Julian Fellowes Titanic.


Jul 6, 2011

Aside from the fact that we had to watch some scenes nearly four times, and his dramatic liscence seemed to run away with him, (like the Thayers meeting in lifeboats, Dorothy Gibson being given brandy, etc),

I thought it was a very well made piece of television. I am pleased that so many characters were seen in this, and by name as well, Thayers, Wideners, Gibsons, Allisons, Duff Gordons. I know that in other films they have been portrayed but they didnt seem to have as big as part as they did in this one. I also found the scene where all the maids and valets of the people in first class met, very interesting, this has never been shown before in any film and gave a great insight into life behind beautiful dresses and fixing hair.

What got me aswell was the fact that you saw the Allison's final moments, I have always been interested in what happened to them, and it seems Fewllowes listened to some of the eyewitness accounts of the Allisons final moments and showed them trying to get into the collapsible lifeboats, this was a highlight for me, albeit a very sad moment, that did have me in tears.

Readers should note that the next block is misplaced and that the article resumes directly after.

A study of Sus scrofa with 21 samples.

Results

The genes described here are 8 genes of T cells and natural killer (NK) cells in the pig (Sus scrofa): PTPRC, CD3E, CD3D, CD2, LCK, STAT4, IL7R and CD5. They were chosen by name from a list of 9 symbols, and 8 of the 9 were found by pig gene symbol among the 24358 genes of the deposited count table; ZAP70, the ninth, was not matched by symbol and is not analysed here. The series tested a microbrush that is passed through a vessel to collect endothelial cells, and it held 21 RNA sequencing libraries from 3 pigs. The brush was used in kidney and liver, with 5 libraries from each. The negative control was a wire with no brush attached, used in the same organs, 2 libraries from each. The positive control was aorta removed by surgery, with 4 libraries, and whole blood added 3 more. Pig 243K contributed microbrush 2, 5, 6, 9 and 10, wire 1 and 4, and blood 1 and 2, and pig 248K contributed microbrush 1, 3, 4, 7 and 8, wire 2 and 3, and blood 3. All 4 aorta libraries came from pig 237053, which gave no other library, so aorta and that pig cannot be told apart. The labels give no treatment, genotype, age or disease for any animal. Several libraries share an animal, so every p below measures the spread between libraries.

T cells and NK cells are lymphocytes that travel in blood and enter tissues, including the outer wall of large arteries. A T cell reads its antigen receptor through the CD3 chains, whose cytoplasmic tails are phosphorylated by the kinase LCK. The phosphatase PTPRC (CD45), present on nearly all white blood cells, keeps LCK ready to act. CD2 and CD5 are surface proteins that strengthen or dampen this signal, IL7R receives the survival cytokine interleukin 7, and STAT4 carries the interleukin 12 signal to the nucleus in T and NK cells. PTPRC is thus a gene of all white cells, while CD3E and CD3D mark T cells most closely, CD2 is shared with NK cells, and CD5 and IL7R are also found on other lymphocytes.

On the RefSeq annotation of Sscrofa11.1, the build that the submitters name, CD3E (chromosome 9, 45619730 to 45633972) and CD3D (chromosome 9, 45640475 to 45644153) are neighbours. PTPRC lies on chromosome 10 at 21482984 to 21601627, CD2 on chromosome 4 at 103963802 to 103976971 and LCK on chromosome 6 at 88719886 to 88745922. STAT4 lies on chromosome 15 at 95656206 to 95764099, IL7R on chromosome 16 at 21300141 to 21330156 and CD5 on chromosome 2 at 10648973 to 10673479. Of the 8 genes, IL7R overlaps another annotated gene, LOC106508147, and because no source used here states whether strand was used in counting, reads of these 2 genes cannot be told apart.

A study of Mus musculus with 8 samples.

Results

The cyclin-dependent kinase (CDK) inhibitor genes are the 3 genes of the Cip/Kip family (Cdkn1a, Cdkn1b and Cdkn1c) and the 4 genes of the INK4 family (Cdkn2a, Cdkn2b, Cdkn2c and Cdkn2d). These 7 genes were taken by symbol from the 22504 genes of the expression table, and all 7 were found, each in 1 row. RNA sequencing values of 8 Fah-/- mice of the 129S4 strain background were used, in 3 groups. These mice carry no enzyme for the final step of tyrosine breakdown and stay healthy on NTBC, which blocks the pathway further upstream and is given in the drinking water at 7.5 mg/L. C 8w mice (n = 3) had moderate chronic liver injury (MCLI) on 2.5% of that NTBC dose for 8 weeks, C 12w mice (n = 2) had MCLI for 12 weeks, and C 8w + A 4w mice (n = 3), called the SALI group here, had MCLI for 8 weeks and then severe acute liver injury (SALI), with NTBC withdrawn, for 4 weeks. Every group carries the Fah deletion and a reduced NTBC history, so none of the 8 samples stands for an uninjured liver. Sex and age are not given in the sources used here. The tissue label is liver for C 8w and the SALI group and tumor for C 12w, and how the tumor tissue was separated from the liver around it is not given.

I also very much enjoyed the view of the sinking of the ship from the point of view of the people actually in the water, not just of the people on the ship or in lifeboats, it was a great view which really made you feel like you were there, or thats even how it happened.

I know that alot of people will disagree but I was very impressed with it, and I would love to hear all your opinions, as a 22 year old male working in Fashion I rarely get a chance to speak to anyone about the Titanic haha.